Its name is SWORDS, or the Special Weapons Observation Reconnaissance Detection System. Moving about on tank-like tracks, this soldier can be armed with a variety of different weapons, including machine guns and grenade launchers. Its 360-degree camera can pan and tilt, read people’s name tags at 400 yards, see the expressions on their faces, what weapons they are carrying, or even if a weapon’s safeties are on or off. SWORDS can accomplish this day or night, in the thick of sand or snow storms, and even drive underwater at depths of 100 feet only to pop up in unexpected places and take out a target with 100 percent accuracy. SWORDS is joined by flying counterparts with names such as Global Hawk, Shadow, and Raven. Equipped with similar sci-fi-like cameras that can see far better than the human eye, these daredevils can pinpoint enemy targets from the sky: the tiny Wasp can skim over rooftops and give views of enemy activities, while the armed Predator can fly as high 26,000 feet, peer through smoke, clouds, and dust to read license plates from two miles away and lock onto a target via its laser designator.
All are remote-controlled robots. All send images back to soldiers controlling the robots from computer or TV screens either on or near the battlefield. Or, in the case of the armed Predator drone, flown by “reachback” or “remote-split” operations, in converted single-wide trailers located 7,500 miles away in military bases in the US. Pilots connect to the drones via satellite using control panels that look like 1980s-type two-player arcade video games. Working 12-hour shifts, seven days a week, scanning three TV screens for suspicious activities, these modern-day “aces” can kill with the touch of a control, and leave work each day in time to be home for dinner.
With most born in the minds of sci-fi writers over the years, these are just a few of the modern day soldiers highlighted by P. W. Singer, in his latest book, Wired for War: The Robotics Revolution and Conflict in the 21st Century. Having worked for Harvard, the Pentagon, and recently served as coordinator of the defense policy advisory task force for the Obama campaign, the 34-year-old Singer is the youngest senior fellow ever at the Brookings Institute. Senior Editor Lorna Tychostup spoke with Singer recently about the capabilities of these futuristic warriors, the ramifications of their presence on the battlefield on the laws and ethics of war, and the profound effects these robotic warriors will have on the front lines and the political atmosphere back home.
The media tells us all about the surge, successes on the ground, but we don’t hear about the use of these robots in Iraq.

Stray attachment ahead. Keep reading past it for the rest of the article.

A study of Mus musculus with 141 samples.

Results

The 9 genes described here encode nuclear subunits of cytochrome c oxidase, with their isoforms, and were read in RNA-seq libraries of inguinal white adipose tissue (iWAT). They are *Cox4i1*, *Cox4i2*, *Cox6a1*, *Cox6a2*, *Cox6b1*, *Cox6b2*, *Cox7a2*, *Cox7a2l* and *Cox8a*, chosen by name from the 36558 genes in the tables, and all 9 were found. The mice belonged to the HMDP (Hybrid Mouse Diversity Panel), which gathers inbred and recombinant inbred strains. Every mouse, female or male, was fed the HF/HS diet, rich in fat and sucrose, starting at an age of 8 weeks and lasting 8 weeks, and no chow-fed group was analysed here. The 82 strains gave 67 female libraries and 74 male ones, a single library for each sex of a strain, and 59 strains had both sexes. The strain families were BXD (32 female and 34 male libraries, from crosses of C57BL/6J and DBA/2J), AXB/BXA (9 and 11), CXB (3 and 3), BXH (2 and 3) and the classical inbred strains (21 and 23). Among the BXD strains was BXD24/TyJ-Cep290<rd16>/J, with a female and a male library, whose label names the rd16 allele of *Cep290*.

Part of what drove me to write this book, was the sense that in many ways people were in a little bit of denial simply because robotic devices sound so much like science fiction. There hasn’t been much reporting on these systems because one, the growth rate and use of these technologies happened incredibly quickly. In the air, we go from a handful—5,300 when I wrote the book—to 7,000 now. In the last few months, we’ve added another thousand in the air. That’s a lot in a short amount of time. Two, writing about robotics often comes across as science fiction—and that often makes it easy to ignore battlefield reality. Third, the way our media approaches things is complex. What doesn’t fit within previous understandings can’t be summed up in a single bullet point in 15 seconds. Also, stories that don’t fit pre-existing storylines often don’t get reported. The surge was an incredibly complex operation with different facets, yet has very different meanings to different people. For some, it added more troops to Iraq. For others, it’s represented by the Sunni Awakening, the turning of the tribal leaders to our side. Yet others see that the US figured out how to better use our technology. The book cites the role of Task Force Odin, which broke the IED-makers asymmetric advantage by finding and killing more than 2,400 insurgents either making or planting bombs, as well as capturing 141 more, all in just one year. The surge was all of these things and if you didn’t have just one element you wouldn’t have the success. But that’s a very complex story to tell in 15 seconds on CNN or FOX. And even with this amazing technology, war is still driven by human psychology that drives how it’s utilized and the dilemmas that come out of it. The main argument of the book is that you can’t forget the human side of war, even when you’re talking about this incredible technology.